Tale of the Bamboo Cutter
Mythology & Folklore
The Tale of the Bamboo Cutter (Taketori Monogatari) is a 10th century Japanese folktale, also known as The Tale of Princess Kaguya (Kaguya-hime no Monogatari).
It primarily details the life of a mysterious girl called Kaguya-hime who was discovered as a baby inside the stalk of a glowing bamboo plant. She is said to be from Tsuki-no Miyako (The Capital of the Moon) and has unusual hair that "shines like gold".
One day while walking in the bamboo forest, an old, childless bamboo cutter called Taketori-no Okina (The Old Man who Harvests Bamboo), comes across a mysterious, shining stalk of bamboo. Cutting it open, inside he finds a baby, the size of his thumb. Rejoicing to find such a beautiful girl, he takes her home and he and his wife raise her as their own child, naming her Kaguya-hime (Princess Kaguya, "radiant night princess"). Thereafter, Taketori-no Okina found that whenever he cut down a stalk of bamboo, inside he found a small nugget of gold. Soon, he was rich, and Kaguya-hime grew from a small baby into a woman of usual size and extraordinary beauty. At first, Taketori-no Okina tries to sequester her from outsiders, but over time, the news of her beauty spreads.
Eventually, five princes come to Taketori-no Okina's residence to ask for Kaguya-hime's hand in marriage. The princes eventually persuade Taketori-no Okina to tell a reluctant Kaguya-hime to choose from one of the five princes. To this, Kaguya-hime concocts impossible tasks for the princes to accomplish. She will agree to marry the prince who manages to bring her a specified item.
That night, Taketori-no Okina tells the five princes what each of them must bring. The first is told to bring her the holy basin of the Buddha. The second is told to retrieve a legendary azalea made of silver and gold. The third is told to seek the legendary Robe of the Fire Rat of China. The fourth must retrieve a colored jewel from a dragon's neck. The final prince is told to find the seashell treasure of the swallows.
Realising that it was an impossible task, the first prince returns with an expensive bowl, but noticing that the bowl does not glow with holy light, Kaguya-hime sees through his deception. Two other princes likewise attempt to deceive her with fakes but also fail. The fourth gives up after encountering a storm, while the final prince loses his life in his attempt to retrieve the object.
After this, the Emperor of Japan, called Tenno in Japanese, comes to see the strangely beautiful Kaguya-hime and upon falling in love asks her to marry him. Although he is not subjected to the impossible trials that thwarted the princes, Kaguya-hime rejects his requests for marriage as well, telling him that she was not of this country and thus could not go to the palace with him. She stays in contact with the Emperor but continues to rebuff his requests.
That summer, whenever Kaguya-hime would see the full moon her eyes filled with tears. Though her adopted parents worry greatly and question her, she is unable to tell them what was wrong. Her behavior becomes increasingly erratic until she reveals that she is not of this world and must return to her people on the moon. In some versions of this tale, it is said that she was sent to the Earth as a temporary punishment for some crime, while others say it is because she was sent to earth for safety during a celestial war.
As the day for her to return approaches, the Emperor sets many guards around her house to protect her from the moon people, but when an embassy of "Heavenly Beings" arrives at the door of the Bamboo Harvester's house, the many guards are blinded by the strange light. Kaguya-hime announces that though she loves her many friends on Earth, she must return with the moon people to her true home. She write sad notes of apology to her parents and to the Emperor, then gives her parents her own robe as a memento. She then takes a small taste of the elixir of life, attached it to her letter to the Emperor, and gives it to a guard officer. As she hands it to him, the feather robe is placed on her shoulders, and all of her sadness and compassion for the people of the Earth are forgotten. The heavenly entourage takes Kaguya-hime back to Tsuki-no Miyako (The Capital of the Moon) against her will, leaving her earthly foster parents in tears.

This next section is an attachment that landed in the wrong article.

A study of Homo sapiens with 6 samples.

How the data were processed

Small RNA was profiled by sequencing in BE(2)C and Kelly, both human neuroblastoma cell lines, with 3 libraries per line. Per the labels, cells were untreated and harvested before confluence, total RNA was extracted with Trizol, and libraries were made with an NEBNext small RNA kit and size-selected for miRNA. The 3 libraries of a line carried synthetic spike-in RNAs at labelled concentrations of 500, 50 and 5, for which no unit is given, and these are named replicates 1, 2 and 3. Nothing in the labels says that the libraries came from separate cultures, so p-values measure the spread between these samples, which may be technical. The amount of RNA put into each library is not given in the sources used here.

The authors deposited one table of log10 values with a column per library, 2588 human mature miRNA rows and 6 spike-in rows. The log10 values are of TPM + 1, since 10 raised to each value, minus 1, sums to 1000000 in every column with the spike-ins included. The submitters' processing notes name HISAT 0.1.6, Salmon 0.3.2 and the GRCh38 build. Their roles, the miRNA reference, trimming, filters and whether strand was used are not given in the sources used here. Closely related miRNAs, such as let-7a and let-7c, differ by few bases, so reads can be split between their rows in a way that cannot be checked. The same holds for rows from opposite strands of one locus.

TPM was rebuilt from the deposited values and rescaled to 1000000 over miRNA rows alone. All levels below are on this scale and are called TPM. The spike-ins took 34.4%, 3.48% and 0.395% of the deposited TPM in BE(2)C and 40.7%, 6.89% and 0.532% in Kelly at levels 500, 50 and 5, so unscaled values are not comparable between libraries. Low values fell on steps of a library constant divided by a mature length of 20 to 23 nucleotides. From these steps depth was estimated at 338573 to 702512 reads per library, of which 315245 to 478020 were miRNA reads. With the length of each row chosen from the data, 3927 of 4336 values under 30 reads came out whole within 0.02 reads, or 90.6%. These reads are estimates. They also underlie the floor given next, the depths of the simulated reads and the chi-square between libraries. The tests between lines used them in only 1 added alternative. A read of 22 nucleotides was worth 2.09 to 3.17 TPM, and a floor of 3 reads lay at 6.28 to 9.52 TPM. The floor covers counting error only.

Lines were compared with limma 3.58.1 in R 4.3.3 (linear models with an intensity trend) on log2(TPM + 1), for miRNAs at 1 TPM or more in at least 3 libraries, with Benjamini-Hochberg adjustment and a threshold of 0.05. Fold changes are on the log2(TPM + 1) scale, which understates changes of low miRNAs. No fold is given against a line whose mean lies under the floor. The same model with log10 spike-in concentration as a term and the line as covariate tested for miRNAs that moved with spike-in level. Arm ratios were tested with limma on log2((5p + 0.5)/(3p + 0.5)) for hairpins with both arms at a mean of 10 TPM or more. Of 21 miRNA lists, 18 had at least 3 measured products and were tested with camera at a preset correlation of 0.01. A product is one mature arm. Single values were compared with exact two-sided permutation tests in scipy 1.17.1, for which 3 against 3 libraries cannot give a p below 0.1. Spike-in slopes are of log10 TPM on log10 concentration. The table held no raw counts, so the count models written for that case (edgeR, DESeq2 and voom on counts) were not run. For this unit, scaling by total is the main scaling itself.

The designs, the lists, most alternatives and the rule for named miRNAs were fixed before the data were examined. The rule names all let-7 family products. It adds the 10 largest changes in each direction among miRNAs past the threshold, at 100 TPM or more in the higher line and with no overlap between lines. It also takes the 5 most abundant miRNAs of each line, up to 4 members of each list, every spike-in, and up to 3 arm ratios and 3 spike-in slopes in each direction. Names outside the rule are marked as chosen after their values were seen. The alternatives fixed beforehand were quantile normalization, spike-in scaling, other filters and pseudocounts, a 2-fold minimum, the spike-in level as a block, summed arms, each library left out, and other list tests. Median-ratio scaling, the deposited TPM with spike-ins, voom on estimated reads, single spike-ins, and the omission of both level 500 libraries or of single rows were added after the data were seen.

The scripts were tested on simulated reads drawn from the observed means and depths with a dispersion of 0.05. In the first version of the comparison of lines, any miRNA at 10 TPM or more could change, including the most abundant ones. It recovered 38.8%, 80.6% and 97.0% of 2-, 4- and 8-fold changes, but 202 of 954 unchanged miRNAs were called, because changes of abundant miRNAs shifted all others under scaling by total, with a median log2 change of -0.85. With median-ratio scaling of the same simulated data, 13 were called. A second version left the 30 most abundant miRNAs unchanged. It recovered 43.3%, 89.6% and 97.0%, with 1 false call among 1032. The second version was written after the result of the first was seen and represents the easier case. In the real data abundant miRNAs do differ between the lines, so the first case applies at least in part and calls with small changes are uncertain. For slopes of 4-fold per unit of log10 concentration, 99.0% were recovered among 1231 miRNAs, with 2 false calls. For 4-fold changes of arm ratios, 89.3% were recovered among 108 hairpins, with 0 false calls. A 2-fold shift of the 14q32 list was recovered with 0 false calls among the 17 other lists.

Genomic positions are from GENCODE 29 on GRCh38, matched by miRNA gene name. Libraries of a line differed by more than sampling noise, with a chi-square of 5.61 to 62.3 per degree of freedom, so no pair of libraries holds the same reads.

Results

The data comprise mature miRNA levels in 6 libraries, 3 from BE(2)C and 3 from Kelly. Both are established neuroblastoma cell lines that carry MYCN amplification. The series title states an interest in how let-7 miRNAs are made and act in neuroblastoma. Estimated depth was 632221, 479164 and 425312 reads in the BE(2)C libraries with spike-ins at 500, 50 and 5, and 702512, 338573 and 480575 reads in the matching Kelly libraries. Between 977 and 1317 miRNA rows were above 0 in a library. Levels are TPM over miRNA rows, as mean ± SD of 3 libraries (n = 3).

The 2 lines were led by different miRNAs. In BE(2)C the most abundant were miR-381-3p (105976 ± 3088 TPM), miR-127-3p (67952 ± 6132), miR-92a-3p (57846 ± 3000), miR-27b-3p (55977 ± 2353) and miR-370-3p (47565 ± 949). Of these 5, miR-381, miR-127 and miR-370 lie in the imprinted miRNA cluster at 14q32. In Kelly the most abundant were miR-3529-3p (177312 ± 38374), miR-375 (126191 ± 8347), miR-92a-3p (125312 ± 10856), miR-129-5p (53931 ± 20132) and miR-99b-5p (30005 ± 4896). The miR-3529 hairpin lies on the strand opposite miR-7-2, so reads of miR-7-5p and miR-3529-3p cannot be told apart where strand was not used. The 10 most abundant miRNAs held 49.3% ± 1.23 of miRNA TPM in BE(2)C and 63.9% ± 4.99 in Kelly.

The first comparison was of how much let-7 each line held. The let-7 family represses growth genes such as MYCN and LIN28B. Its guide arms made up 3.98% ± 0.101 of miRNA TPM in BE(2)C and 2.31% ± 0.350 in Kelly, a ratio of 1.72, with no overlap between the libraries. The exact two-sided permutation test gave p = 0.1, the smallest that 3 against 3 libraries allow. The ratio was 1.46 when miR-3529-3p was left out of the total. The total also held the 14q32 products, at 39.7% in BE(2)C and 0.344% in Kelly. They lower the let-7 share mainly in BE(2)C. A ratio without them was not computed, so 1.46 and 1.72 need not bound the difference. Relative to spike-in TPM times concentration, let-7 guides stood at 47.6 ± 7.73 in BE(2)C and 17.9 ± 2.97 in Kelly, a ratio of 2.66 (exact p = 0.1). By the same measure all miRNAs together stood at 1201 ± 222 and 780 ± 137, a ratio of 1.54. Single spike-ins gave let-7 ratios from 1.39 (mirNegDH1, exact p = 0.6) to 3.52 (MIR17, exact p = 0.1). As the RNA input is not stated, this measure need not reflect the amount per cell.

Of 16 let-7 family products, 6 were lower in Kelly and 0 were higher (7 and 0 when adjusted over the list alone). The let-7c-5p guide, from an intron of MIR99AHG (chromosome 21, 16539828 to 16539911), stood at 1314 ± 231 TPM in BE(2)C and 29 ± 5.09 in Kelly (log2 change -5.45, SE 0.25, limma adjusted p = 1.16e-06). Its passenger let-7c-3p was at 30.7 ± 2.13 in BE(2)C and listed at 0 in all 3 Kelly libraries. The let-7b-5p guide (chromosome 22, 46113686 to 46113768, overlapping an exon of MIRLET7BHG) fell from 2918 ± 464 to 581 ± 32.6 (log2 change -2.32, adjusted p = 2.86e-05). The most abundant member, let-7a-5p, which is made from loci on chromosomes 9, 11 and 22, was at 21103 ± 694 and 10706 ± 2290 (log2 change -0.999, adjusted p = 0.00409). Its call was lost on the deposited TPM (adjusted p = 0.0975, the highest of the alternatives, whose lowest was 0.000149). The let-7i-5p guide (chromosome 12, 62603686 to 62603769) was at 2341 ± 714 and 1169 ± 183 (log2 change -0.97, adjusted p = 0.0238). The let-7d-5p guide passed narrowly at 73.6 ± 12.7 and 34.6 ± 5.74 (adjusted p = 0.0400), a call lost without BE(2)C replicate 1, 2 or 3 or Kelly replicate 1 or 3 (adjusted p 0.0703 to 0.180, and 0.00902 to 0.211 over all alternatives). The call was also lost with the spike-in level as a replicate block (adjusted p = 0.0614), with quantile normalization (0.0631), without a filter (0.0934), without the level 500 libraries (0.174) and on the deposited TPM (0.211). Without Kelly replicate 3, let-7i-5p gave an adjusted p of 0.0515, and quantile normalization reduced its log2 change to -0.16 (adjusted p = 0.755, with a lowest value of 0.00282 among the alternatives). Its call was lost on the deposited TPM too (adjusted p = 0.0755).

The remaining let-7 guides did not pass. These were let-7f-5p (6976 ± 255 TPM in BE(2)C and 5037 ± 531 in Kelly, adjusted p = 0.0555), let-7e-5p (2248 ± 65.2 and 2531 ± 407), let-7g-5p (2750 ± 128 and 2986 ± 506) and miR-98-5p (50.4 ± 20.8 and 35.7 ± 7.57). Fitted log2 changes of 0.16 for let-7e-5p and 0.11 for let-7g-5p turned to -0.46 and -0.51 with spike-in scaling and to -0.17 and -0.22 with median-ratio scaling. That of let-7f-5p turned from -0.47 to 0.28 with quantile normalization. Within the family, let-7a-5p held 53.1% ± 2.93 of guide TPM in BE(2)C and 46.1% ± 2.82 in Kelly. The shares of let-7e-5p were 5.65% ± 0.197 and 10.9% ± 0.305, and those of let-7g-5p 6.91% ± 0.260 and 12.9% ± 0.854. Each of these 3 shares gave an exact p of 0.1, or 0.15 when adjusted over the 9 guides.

The parents become very sad and were soon put to bed sick. The guard officer returns to the Emperor with the items Kaguya-hime had given him as her last mortal act, and reported what had happened. The Emperor reads her letter and is overcome with sadness. He asks his servants "Which mountain is the closest place to heaven?", to which one replies that the Great Mountain of Suruga Province is the closest place to heaven. The Emperor orders his men to take the letter to the summit of the mountain and burn it, with the hope that his message would reach the now distant princess. The men are also commanded to burn the pot of elixir of immortality since the Emperor did not desire to live forever without being able to see her. The legend has it that the word immortality (fushi or fuji) became the name of the mountain, Mount Fuji. It is also said that the kanji for the mountain, (literally "Mountain Abounding with Warriors") is derived from the Emperor's army ascending the slopes of the mountain to carry out his order. It is said that the smoke from the burning still rises to this day. (In the past, Mount Fuji was much more volcanically active than today.)
The storyline of the second Inuyasha film, The Castle Beyond the Looking Glass is based almost entirely on the Kaguya-hime legend. The Kaguya in the film is much more malicious that the historical figure, but assigns the same tasks to Kagura and Kanna, as the literary Kaguya did to her suitors. The Robe of the Fire Rat that this historical story dealt with is actually the kimono worn by Inuyasha.